Oil slips before supply data while U.S.-Saudi tension simmers
Oil retreated before weekly U.S. inventory data even as the disappearance of a critic of the Saudi Arabian regime threatened to spark a diplomatic crisis.
Crude in New York dropped 0.8 percent. U.S. stockpiles probably rose by 1.25 million barrels last week, the longest streak of gains since March 2017 if confirmed by government data Wednesday.
Meanwhile, U.S. Secretary of State Mike Pompeo arrived in Riyadh to discuss Jamal Khashoggi’s disappearance two weeks ago. The Saudi government is said to be considering saying Khashoggi died in a botched interrogation, according to media reports.
“Shale oil production continues unabated in the U.S.,” said Carsten Fritsch, an analyst at Commerzbank AG in Frankfurt. At the same time, “the case of Khashoggi also keeps the oil market on tenterhooks.”
Saudi Arabia this week seemed to make a veiled threat to use the kingdom’s oil wealth as a political weapon as it vowed to retaliate against any punitive measures linked to the disappearance of Washington Post columnist Khashoggi. That resulted in the world’s biggest crude exporter joining Iran, where U.S. sanctions kick in next month, in Goldman Sachs Group Inc.’s list of political risks for the oil market.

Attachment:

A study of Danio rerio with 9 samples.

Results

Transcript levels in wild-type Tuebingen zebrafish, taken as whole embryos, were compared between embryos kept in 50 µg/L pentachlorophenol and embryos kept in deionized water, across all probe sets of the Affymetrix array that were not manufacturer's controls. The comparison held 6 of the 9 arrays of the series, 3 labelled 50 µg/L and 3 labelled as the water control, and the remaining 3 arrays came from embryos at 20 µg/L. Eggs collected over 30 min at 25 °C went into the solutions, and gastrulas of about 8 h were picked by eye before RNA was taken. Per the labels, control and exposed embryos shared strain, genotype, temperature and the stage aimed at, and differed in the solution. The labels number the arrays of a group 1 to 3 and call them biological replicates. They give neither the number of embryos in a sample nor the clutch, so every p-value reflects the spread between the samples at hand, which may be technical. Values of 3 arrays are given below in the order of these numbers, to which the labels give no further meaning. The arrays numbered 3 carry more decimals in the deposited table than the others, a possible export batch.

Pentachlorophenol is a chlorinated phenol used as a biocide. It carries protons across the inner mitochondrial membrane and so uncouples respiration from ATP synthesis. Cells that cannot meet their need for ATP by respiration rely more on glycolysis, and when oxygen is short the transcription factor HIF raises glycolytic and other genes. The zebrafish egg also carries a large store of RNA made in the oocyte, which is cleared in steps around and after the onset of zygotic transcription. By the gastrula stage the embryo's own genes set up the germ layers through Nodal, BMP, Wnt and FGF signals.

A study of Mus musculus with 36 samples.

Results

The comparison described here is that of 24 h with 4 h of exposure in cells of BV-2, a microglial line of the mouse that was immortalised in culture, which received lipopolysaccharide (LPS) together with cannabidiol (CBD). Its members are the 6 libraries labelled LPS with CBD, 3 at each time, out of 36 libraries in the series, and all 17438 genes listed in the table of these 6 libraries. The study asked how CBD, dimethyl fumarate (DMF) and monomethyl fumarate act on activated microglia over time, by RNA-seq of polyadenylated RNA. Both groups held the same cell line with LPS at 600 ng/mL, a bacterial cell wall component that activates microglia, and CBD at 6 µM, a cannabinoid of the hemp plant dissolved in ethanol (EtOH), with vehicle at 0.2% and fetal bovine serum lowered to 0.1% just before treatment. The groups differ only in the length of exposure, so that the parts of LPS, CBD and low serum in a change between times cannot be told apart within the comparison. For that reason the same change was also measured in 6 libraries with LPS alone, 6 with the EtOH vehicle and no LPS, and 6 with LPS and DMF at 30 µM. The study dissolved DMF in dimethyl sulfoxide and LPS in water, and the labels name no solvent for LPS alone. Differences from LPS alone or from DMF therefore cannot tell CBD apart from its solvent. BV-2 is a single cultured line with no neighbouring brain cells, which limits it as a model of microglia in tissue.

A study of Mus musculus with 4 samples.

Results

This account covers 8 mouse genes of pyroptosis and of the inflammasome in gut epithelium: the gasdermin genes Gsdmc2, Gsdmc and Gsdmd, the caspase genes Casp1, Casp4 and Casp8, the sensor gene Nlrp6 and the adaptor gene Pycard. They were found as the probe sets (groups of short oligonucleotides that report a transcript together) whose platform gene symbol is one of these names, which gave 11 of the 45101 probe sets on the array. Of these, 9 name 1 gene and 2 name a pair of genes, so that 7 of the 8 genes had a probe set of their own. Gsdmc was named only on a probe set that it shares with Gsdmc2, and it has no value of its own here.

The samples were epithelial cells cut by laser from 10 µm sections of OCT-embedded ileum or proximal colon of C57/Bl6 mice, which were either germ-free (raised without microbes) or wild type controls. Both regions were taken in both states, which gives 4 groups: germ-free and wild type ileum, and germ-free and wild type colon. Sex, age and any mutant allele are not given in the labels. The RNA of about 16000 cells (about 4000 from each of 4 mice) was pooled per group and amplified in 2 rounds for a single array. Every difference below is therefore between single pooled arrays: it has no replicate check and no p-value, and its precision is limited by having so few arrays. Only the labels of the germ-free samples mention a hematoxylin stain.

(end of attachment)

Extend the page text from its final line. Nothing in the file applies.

West Texas Intermediate for November delivery fell as much as 76 cents to $71.02 a barrel on the New York Mercantile Exchange, and was at $71.20 at 11:04 a.m. in London. The contract climbed 44 cents on Monday. Total volume traded Tuesday was about 4 percent below the 100-day average.
Brent for December settlement dropped 0.8 percent to $80.14 a barrel on the London-based ICE Futures Europe exchange, after gaining 0.4 percent Monday. The global benchmark crude traded at a $9.12 premium to WTI for the same month.
Investors are watching for any signs that Saudi Arabia will deploy oil as a weapon. On Monday, Energy Minister Khalid Al-Falih said the kingdom continues to be a responsible supplier. He emphasized that the nation will keep using its spare production capacity to cushion the market against any supply shocks.
Saudi Arabia began an internal investigation into the disappearance of Khashoggi, as the case threatened to start a geopolitical crisis. President Donald Trump floated the idea that “rogue killers” might be behind the possible murder of the columnist. A number of high-profile executives have pulled out of a Saudi investment conference and the U.S. administration’s attendance remains uncertain.